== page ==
7.8/10
716
10 user 12 critic

Garbage Warrior (2007)

Imagine a home that heats itself, that provides its own water, hat grows its own food. Imagine that it needs no expensive technology, that it recycles its own waste, that it has its own ... See full summary »

Director:

Oliver Hodge


Credited cast:
Michael Reynolds Michael Reynolds ... Himself
Chris Reynolds Chris Reynolds ... Herself
Shauna Malloy Shauna Malloy ... Herself - Attorney
Dave DiCicco Dave DiCicco ... Himself - Taos County Planner
Rest of cast listed alphabetically:
Carlos R. Cisneros Carlos R. Cisneros ... Himself - Senator
Ron Gardener Ron Gardener ... Himself - Senator's Aide
Nilesh Gupte Nilesh Gupte ... Himself
Clinton Harden Jr. Clinton Harden Jr. ... Himself - Senator
William H. Payne William H. Payne ... Himself - Senator
Lee Rawson Lee Rawson ... Himself
John C. Ryan John C. Ryan ... Himself - Senator
William E. Sharer William E. Sharer ... Himself - Senator
Renni Zifferblatt Renni Zifferblatt ... Herself - Judicial Committee Bill Analyst

Imagine a home that heats itself, that provides its own water, hat grows its own food. Imagine that it needs no expensive technology, that it recycles its own waste, that it has its own power source. And now imagine that it can be built anywhere, by anyone, out of the things society throws away. Thirty years ago, architect Michael Reynolds imagined just such a home - then set out to build it. A visionary in the classic American mode, Reynolds has been fighting ever since to bring his concept to the public. He believes that in an age of ecological instability and impending natural disaster, his buildings can - and will - change the way we live. Shot over three years in the USA, India and Mexico, Garbage Warrior is a feature-length documentary film telling the epic story of maverick architect Michael Reynolds, his crew of renegade house builders from New Mexico, and their fight to introduce radically different ways of living. A snapshot of contemporary geo-politics and an inspirational ... Written by Anonymous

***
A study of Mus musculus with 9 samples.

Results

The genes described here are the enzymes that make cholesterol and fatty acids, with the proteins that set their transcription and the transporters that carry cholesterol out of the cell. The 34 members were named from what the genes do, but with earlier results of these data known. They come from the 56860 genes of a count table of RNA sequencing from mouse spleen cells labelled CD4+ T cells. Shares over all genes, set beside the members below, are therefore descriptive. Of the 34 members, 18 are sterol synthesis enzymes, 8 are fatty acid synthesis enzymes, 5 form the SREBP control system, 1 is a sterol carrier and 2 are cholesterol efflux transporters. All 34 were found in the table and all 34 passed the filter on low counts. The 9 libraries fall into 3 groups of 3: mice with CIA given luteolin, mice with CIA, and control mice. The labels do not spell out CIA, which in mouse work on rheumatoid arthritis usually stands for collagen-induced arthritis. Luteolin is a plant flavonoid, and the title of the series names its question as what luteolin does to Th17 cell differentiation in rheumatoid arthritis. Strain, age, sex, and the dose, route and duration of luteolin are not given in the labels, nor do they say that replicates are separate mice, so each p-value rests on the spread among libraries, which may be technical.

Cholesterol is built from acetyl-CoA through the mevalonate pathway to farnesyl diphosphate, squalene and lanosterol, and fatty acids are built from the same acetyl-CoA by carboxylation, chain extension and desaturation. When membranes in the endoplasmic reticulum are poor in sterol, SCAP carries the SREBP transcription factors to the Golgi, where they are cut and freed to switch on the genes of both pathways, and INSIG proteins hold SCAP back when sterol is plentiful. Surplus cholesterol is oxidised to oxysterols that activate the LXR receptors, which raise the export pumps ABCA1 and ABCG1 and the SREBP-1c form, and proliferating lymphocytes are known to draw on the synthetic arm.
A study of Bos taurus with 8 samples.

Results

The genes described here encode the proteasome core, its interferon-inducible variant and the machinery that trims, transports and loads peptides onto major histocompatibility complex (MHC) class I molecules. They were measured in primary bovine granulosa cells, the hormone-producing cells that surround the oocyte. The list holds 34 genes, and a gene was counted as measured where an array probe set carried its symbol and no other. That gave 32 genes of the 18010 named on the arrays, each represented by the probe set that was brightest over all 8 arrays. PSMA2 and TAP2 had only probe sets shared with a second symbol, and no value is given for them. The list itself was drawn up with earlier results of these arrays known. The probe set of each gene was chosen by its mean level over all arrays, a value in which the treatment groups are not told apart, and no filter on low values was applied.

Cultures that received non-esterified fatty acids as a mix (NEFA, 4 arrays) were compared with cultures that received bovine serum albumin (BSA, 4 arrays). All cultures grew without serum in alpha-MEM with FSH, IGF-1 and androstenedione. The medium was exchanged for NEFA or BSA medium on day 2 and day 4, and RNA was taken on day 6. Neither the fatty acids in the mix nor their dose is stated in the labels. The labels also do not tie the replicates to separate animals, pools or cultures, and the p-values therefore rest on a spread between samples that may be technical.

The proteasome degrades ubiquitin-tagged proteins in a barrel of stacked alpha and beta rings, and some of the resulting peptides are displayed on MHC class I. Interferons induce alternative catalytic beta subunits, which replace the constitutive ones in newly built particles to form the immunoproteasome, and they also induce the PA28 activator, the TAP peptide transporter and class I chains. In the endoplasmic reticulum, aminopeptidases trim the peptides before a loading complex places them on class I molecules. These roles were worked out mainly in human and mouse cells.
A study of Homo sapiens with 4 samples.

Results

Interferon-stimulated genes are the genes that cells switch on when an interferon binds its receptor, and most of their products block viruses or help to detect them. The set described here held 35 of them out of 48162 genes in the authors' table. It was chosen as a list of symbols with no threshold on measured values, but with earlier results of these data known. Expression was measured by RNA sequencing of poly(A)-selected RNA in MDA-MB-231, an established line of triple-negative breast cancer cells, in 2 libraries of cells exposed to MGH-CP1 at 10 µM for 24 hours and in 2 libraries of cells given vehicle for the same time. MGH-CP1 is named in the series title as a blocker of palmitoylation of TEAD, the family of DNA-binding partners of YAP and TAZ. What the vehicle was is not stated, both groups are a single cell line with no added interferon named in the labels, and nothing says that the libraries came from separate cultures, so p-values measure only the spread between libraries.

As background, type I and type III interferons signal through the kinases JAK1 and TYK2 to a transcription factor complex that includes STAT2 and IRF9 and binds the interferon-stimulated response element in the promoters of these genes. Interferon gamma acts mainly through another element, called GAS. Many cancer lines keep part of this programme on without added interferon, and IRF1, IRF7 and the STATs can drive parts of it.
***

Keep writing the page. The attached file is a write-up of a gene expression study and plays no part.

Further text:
Documentary


Official Sites:

Official site

Country:

UK

Language:

English

Release Date:

23 May 2008 (UK) See more »

Also Known As:

O arhitektonas ton skoupidion See more »

Company Credits

Show more on IMDbPro »

Technical Specs

Sound Mix:

Dolby Digital

Color:

Color

Aspect Ratio:

1.85 : 1

Crazy Credits

The carbon produced during the making of this film has been compensated for with rain forest restoration projects by C Level UK. See more »

Soundtracks

Go On
By Brent Berry
Courtesy of Brent Berry Music

 
A View Into Alternative Living Most People Don't Consider
29 May 2009 | by gavin6942See all my reviews

Mike Reynolds is the "garbage warrior", an architect who has been designing homes from refuse and natural objects (largely dirt) for roughly forty years. This documentary opens up his world to viewers who otherwise would not consider such living possible, and certainly wouldn't be aware of the potential comfort levels available.

I was shown this documentary by a friend who, to say the least, is fascinated by Earthships. She has met Reynolds, been in an Earthship and swears that some day she will live in one -- something I find to be quite plausible. My enthusiasm doesn't come close to hers, which made for an odd viewing experience (her excitement can be overwhelming), but it's a good film that should be seen by more people.

Reynolds' ideas of "radically sustainable living" and "Earthship Biotecture" need to be ported out to other communities and get recognition for their amazing achievements. The houses are not perfect -- some leak, some have little or no temperature control -- but they are experimental, and Reynolds and his crew are still learning. Objections aside, the good that can come of these homes is outstanding -- complete "off the grid" power, self-producing food, and a waste system that cleans and filters "black" and "gray" water.

I'm somewhat skeptical of how well these ideas would work on a mass scale. However, even if they didn't, it seems fairly safe to say that certain aspects could be adapted into rural or urban settings... and any effort to get energy independence and sewage filtration into the mainstream is welcome. World governments are taking important steps towards renewable energy, but after seeing this film, you may start to think the answers have been here for decades and we're just dragging our feet.

My only real complaint with the documentary is that it is by no means objective. Reynolds is cast as the hero and as something of a savior. Now, this is not to say that he's not a hero, because he is. But without hearing from his detractors (aside from some clueless politicians) this film comes off more like an infomercial, which leaves a bad taste in my mouth. It could simply be that nothing bad can be said, though.

My petty objections aside, Reynolds is an unsung hero and his work really does need to get noticed by more. Even those who are environmentalists may not familiar with his work, which is a shame. The man is almost dead... let's get him some attention before that "almost" is gone.